Sand Wasp (Bembix rostrata) - Wiki
Bembix rostrata is a protected species of sand wasp native to Central Europe. The genus Bembix - of which B. rostrata is among the most distinctive species - has over 340 species worldwide and is found mostly in warm regions with open, sandy soils; Australia and Africa have a particularly rich variety of species.
B. rostrata ranges in distribution from Europe and the Mediterranean to Central Asia, and as far north as Denmark and Sweden.
B. rostrata displays distinctive behaviour in front of its nest, digging its burrows with fast, synchronised movements of its forelegs. In addition, the insect can turn very rapidly about its own axis, the flapping of its wings as it does this producing a buzzing sound reminiscent of a gyroscope. Its size (15-24 mm), striking yellow and black-striped abdomen and the labrum, extended into a narrow beak, are distinctive features.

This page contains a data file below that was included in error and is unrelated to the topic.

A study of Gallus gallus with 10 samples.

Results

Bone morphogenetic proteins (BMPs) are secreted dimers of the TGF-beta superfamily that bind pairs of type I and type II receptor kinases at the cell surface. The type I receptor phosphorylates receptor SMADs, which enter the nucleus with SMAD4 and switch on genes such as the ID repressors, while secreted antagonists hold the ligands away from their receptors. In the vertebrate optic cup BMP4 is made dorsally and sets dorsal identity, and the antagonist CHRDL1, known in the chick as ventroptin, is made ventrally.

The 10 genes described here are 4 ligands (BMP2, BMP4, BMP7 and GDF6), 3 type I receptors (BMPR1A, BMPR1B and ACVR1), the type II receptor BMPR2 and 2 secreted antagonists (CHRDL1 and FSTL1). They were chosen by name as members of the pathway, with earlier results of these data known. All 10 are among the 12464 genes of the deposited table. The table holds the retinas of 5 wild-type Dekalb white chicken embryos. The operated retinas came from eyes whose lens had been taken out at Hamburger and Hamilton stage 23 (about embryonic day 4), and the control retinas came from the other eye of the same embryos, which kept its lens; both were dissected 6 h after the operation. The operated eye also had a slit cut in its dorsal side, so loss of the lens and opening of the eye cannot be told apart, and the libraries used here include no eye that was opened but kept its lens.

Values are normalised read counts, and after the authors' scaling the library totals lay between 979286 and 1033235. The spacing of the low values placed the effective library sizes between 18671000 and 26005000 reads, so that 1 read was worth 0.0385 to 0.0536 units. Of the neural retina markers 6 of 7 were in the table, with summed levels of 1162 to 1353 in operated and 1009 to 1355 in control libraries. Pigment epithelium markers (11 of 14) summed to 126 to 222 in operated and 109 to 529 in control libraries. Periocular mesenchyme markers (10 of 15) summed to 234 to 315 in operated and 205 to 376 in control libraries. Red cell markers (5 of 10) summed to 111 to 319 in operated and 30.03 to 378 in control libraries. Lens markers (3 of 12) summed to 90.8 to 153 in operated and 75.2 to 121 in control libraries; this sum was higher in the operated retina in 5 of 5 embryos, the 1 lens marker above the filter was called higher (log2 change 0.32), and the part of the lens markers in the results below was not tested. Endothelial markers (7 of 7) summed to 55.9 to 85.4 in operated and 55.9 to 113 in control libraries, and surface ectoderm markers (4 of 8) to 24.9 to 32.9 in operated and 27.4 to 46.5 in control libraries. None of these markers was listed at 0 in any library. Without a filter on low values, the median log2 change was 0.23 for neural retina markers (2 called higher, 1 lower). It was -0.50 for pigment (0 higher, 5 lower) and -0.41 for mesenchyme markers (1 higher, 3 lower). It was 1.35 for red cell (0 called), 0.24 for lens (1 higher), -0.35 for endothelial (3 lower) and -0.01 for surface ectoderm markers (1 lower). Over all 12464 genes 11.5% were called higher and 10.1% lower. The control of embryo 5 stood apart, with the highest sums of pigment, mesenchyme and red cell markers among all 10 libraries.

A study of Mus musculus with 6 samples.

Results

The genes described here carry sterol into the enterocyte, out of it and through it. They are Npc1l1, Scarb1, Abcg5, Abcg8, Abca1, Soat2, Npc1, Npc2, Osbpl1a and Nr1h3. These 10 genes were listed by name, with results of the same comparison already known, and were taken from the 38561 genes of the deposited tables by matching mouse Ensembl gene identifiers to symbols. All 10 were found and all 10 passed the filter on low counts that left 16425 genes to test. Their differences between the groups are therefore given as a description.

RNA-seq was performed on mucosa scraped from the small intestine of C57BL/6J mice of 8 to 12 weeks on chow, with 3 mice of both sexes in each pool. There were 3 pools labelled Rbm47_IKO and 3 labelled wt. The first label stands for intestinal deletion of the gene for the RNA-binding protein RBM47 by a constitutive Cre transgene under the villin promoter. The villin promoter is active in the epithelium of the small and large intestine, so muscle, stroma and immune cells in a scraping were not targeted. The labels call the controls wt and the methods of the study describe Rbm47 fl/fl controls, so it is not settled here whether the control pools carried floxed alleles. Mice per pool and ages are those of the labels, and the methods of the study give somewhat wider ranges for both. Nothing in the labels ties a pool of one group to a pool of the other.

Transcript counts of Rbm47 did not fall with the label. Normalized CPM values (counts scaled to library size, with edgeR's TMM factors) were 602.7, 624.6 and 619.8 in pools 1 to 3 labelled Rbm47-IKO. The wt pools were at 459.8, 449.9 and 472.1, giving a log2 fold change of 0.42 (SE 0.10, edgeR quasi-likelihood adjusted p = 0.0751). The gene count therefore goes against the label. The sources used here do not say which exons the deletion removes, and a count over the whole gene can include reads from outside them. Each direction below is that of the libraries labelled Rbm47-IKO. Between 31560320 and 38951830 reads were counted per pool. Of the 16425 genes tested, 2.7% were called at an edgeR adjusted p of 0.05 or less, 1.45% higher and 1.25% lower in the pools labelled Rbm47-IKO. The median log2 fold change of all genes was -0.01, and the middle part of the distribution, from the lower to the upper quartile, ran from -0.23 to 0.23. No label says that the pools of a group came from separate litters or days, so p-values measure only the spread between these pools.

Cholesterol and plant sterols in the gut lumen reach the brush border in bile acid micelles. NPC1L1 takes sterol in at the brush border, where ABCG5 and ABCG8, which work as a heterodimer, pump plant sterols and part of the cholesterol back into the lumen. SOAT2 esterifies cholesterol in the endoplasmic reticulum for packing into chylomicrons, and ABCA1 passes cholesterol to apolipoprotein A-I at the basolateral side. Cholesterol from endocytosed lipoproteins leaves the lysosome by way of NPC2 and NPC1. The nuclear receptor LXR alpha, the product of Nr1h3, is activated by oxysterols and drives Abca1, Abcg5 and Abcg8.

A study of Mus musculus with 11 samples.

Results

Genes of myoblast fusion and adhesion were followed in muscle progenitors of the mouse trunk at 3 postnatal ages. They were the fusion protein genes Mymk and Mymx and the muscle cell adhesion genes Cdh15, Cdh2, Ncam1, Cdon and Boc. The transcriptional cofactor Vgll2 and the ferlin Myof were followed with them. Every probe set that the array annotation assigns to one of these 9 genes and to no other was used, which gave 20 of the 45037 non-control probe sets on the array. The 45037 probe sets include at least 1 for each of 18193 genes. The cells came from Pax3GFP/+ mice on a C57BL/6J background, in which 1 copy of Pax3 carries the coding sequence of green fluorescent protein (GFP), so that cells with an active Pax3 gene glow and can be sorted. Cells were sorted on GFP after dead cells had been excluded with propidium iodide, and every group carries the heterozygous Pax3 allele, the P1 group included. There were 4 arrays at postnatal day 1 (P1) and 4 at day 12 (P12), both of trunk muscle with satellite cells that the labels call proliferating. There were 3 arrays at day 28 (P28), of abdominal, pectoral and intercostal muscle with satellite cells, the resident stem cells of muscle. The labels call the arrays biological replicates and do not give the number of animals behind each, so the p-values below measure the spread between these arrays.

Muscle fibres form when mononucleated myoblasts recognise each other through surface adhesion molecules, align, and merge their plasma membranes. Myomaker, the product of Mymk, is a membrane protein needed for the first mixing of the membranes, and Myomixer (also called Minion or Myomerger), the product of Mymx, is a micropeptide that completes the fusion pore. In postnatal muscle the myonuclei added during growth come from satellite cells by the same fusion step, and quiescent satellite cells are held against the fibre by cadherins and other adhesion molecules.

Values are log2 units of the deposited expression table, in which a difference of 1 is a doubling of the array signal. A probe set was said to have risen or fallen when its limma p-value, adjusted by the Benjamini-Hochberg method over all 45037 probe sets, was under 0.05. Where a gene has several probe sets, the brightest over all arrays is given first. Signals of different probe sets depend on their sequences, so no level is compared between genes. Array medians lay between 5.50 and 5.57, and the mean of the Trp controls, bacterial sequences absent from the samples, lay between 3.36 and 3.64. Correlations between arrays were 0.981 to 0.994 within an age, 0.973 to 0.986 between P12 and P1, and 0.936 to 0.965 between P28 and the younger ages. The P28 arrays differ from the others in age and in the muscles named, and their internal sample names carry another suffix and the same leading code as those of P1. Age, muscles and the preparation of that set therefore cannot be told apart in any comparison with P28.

B. rostrata forms colonies of between a dozen and several hundred insects, where the females each construct a tube up to 20 cm long containing a single brood cell. This is stocked with dozens of insects, predominantly large flies (Tabanidae, Syrphidae), which provide the larva with food for its two-week development to the imago stage. The female carefully re-seals the nest tube after each feeding. Because of this intensive maternal care, a female can raise at most only 8 larvae during the high summer. B. rostata is very faithful to its nest sites, often nesting in the same places year-on-year, even if these change over time and alternative habitats are available.
The species has become rare due to loss of large open-sand surfaces in warm areas, such as in the sand dunes of the upper Rhine Graben. It is also the host for several parasitoids in families such as Bombyliidae, Conopidae and Mutillidae. A cuckoo wasp which specialises in B. rostrata is Parnopes grandior.
The behaviour of B. rostrata led the famous naturalist Jean-Henri Fabre to conduct intensive studies of the species.